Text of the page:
Newswise — Four public schools in California took part in a research study conducted by Anna Rosefsky Saavedra of the RAND Corporation to examine the development of academic civic-mindedness and model citizenship among IB students enrolled in the Diploma Programme, a curriculum offered by the International Baccalaureate (IB) to prepare students for success at university and for eventual careers in a globalized economy. The study’s findings reveal that Diploma Programme students demonstrate greater civic knowledge and skills than their non-IB peers. For the purpose of the study, “academic civic-mindedness” was defined as student knowledge of the US government, public policy and effective advocacy techniques; the meaning of “model citizenship” was based on research conducted by Westheimer and Kahne in 2004 and indicates an orientation toward “participatory, personally responsible and socially just” civic behavior.
Dr. Anna Saavedra found that when 18-year-old IB students were surveyed on their knowledge of US government and public policy, their results compared favorably with nationally representative samples provided by the Center for Information and Research on Civic Learning and Engagement (CIRCLE) and the National Assessment of Education Progress (NAEP). On nine out of 10 questions asked about US government and public policy, IB students answered correctly. These results surpassed those achieved by the CIRCLE sample of 18-year-olds by 20 percentage points. On four specific questions related to US civic education, the IB sample averaged 74% on correct answers, compared with just 51% of CIRCLE students. IB students also outscored the NAEP sample of students, scoring 11% higher. DP students identified three courses in particular that developed their public policy knowledge: theory of knowledge—-a signature IB course; history of the Americas; and group 1 English.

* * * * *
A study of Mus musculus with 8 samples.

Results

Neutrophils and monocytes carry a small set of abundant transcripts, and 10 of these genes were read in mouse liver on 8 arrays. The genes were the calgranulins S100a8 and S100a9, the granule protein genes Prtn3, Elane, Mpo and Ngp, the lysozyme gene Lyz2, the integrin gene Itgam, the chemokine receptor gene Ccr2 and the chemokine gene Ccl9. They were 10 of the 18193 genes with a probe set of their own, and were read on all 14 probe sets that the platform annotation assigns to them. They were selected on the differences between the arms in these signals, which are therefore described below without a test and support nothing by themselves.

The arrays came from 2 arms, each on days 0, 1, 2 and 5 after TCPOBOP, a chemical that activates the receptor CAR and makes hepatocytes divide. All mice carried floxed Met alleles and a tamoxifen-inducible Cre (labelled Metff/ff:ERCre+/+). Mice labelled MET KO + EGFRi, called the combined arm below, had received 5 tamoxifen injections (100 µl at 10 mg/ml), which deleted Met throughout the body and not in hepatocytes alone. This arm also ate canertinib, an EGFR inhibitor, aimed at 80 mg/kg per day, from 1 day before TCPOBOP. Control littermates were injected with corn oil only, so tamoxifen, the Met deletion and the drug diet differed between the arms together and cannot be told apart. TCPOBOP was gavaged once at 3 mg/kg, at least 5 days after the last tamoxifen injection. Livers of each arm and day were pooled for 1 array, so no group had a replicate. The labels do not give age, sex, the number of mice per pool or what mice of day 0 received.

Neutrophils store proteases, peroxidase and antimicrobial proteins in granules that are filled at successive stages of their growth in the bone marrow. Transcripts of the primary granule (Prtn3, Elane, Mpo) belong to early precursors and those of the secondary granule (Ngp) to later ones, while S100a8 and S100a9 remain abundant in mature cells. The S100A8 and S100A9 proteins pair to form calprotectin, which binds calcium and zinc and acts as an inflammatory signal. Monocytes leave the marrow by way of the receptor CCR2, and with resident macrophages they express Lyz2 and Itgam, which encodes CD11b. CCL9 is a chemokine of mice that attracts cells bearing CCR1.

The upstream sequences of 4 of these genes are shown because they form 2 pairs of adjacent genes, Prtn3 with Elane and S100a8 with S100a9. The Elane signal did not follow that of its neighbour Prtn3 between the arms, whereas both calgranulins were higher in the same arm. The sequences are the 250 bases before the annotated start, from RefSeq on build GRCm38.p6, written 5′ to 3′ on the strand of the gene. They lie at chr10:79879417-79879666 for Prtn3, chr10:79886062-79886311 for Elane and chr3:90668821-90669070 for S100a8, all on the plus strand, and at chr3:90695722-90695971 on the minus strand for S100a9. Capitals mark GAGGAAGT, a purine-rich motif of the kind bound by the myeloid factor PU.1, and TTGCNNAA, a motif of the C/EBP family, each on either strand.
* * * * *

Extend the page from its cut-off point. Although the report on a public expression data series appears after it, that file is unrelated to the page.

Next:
Acquisition of advocacy skills
In interviews with IB students, Saavedra found repeated references to the Diploma Programme’s plentiful use of discussions, debates, oral presentations, written assignments and collaboration─ key elements in helping them acquire the skills necessary for civic engagement and effective advocacy. IB students and teachers both identified the skills necessary for civic engagement as the same as those needed for success in college and career. Referred to as “21st century skills,” these include written communication, flexibility, diplomacy, persuasion, listening and negotiation, among others cited in the report.
Nearly every IB student in the study reported current events discussions occurring at least once a week in their classes, while 60% reported daily discussions. Seventy percent (70%) reported that they debated at least once a week and that simulations occurred at least once a month. In contrast, only 25 percent of non-IB students reported regular or weekly current events discussions; the majority reported rare or nonexistent debates or simulations in their non-IB coursework.
Most IB students surveyed expressed the belief that the Diploma Programme develops civic-mindedness and model citizenship to a greater extent than alternative educational tracks, notably the California College Prep and Advanced Placement programs (in the sample schools). IB students further expressed the view that the instruction they receive develops their thinking skills and a love of learning, while other programs emphasize rote memorization and test preparation.
The IB students largely indicated that they felt more informed about social issues due to their participation in the Diploma Programme, which motivates them to become involved in issues they care about.
Download the research report, Academic civic-mindedness and model citizenship in the International Baccalaureate Diploma Programme. Or read the research summary.
About the IB
The International Baccalaureate (IB) is a not-for profit foundation that offers four high quality and challenging education programmes for a worldwide community of schools. IB programmes have gained a reputation for rigour and high academic standards, for preparing students for life in a globalized 21st century and for developing citizens who will create a better, more peaceful world. Currently, more than one million IB students attend nearly 3,700 schools in 144 countries. In the Americas, approximately 90,000 students are enrolled in the Diploma Programme.